Gaithersburg Residents Stranded After Storm, Plea for Help

Residents cut off from emergency access describe a frustrating waiting game.

(UPDATED, 10:57 a.m., 7/3) -- Tammy Hartwell spent Monday night on the floor in her mother-in-law’s basement. The cool surface was one of the few comforts available to her while she waited for officials to remove a tree that left everyone on her block stranded, with no road access, no power and no water, she said.

Like thousands of Montgomery County residents, Hartwell has been without power and other amenities since Friday’s storm. The destruction left by the powerful system prompted Gov. Martin O’Malley to declare , and the county to beat the coinciding heat.

The sudden nature of the storm has left PEPCO and several county and state agencies scrambling to address the needs of residents in areas like Gaithersburg and Montgomery Village. As of 9:30 p.m. Monday, PEPCO reported 121,309 customers were still without power in Montgomery County.

PEPCO maintains a database that provides the latest number of customers affected by the outages, but Hartwell said her experience so far has been conflicting.

“We still keep reporting it,” she said. “My neighbor got a live person this morning, and she said their records show that our power was restored as of 4 a.m. yesterday.”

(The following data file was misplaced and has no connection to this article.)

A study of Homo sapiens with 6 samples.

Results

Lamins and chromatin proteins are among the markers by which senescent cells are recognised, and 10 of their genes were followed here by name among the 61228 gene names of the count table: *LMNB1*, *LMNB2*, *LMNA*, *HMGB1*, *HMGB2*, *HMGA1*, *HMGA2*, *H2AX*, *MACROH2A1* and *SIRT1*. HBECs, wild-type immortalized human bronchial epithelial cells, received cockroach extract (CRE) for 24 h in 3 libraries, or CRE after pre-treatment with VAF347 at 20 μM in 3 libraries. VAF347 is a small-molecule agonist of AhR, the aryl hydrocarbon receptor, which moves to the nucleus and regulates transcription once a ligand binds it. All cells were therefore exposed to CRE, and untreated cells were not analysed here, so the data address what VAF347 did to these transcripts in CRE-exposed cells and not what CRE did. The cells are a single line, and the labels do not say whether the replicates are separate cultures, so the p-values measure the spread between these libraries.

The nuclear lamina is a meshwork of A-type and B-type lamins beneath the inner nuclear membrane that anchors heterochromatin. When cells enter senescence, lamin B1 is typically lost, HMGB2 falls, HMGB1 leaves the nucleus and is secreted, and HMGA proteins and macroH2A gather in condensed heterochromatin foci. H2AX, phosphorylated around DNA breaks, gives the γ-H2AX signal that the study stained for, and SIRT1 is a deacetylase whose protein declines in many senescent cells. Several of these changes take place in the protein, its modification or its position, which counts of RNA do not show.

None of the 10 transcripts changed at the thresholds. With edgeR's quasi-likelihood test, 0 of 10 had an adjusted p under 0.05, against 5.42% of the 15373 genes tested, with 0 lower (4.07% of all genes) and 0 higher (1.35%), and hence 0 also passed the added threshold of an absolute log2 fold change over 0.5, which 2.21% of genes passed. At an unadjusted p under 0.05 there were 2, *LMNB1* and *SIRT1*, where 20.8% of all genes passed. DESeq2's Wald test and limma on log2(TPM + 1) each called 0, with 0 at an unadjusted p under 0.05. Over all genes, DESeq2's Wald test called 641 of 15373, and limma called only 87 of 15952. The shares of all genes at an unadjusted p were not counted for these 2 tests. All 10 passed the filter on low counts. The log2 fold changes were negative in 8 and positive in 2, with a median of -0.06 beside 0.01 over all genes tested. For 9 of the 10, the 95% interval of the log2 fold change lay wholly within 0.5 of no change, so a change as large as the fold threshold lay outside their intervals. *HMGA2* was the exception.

“It” is a large tree on top of a power line that has blocked Hartwell’s road since Friday night. So far attempts to have it removed have been futile, she said. 

Hartwell said five households, or at least 10 people, on her block are unable to leave the neighborhood and have no access for emergency vehicles.

Her and her neighbors’ homes in the Sharon Woods neighborhood are also not connected to , she said. Her house on the unit block of Rolling Knoll Court is like dozens of others situated off Emory Grove Road – it uses well water, which requires pressure, and their sinks and bathrooms have none of it.

PEPCO has reported that to restore power to all its customers.

In his blog this weekend, Montgomery County Fire Chief Richard Bowers advised residents to use extreme caution when cleaning up storm damage.

“Keep your distance from any downed power lines and call 911 to report them,” it stated Saturday.

Hartwell said late Monday she heeded the message, and crews successfully removed the tree and power line from her road.

Meanwhile, her family has been making do. They’ve secured drinking water and remain focused on damage control, she said.

“We’ve got two refrigerators full of food, and my mother-in-law is out of town so we’re cleaning hers too,” Hartwell said.

To report a power outage in Montgomery County:

Editor's note: This story has been updated to reflect that Rolling Knoll Court is in Gaithersburg, not Montgomery Village. Patch regrets the error.

Bob Hydorn July 03, 2012 at 12:51 PM
This area is not in Montgomery VIllage. It is a private neighborhood off of Goshen Road.
Diana Soliwon July 03, 2012 at 03:02 PM
Thanks Bob! I've updated the article now. Just out of curiosity, what do residents consider the official dividing line between the two communities?
Danna Walker (Editor) July 03, 2012 at 04:50 PM
Has power been restored? Let us know.
Sandra James July 03, 2012 at 08:39 PM
I think that residents need to be aware that some limbs may have not come down from this storm, but may have been weakened and come down in future storms which can be equally dangerous.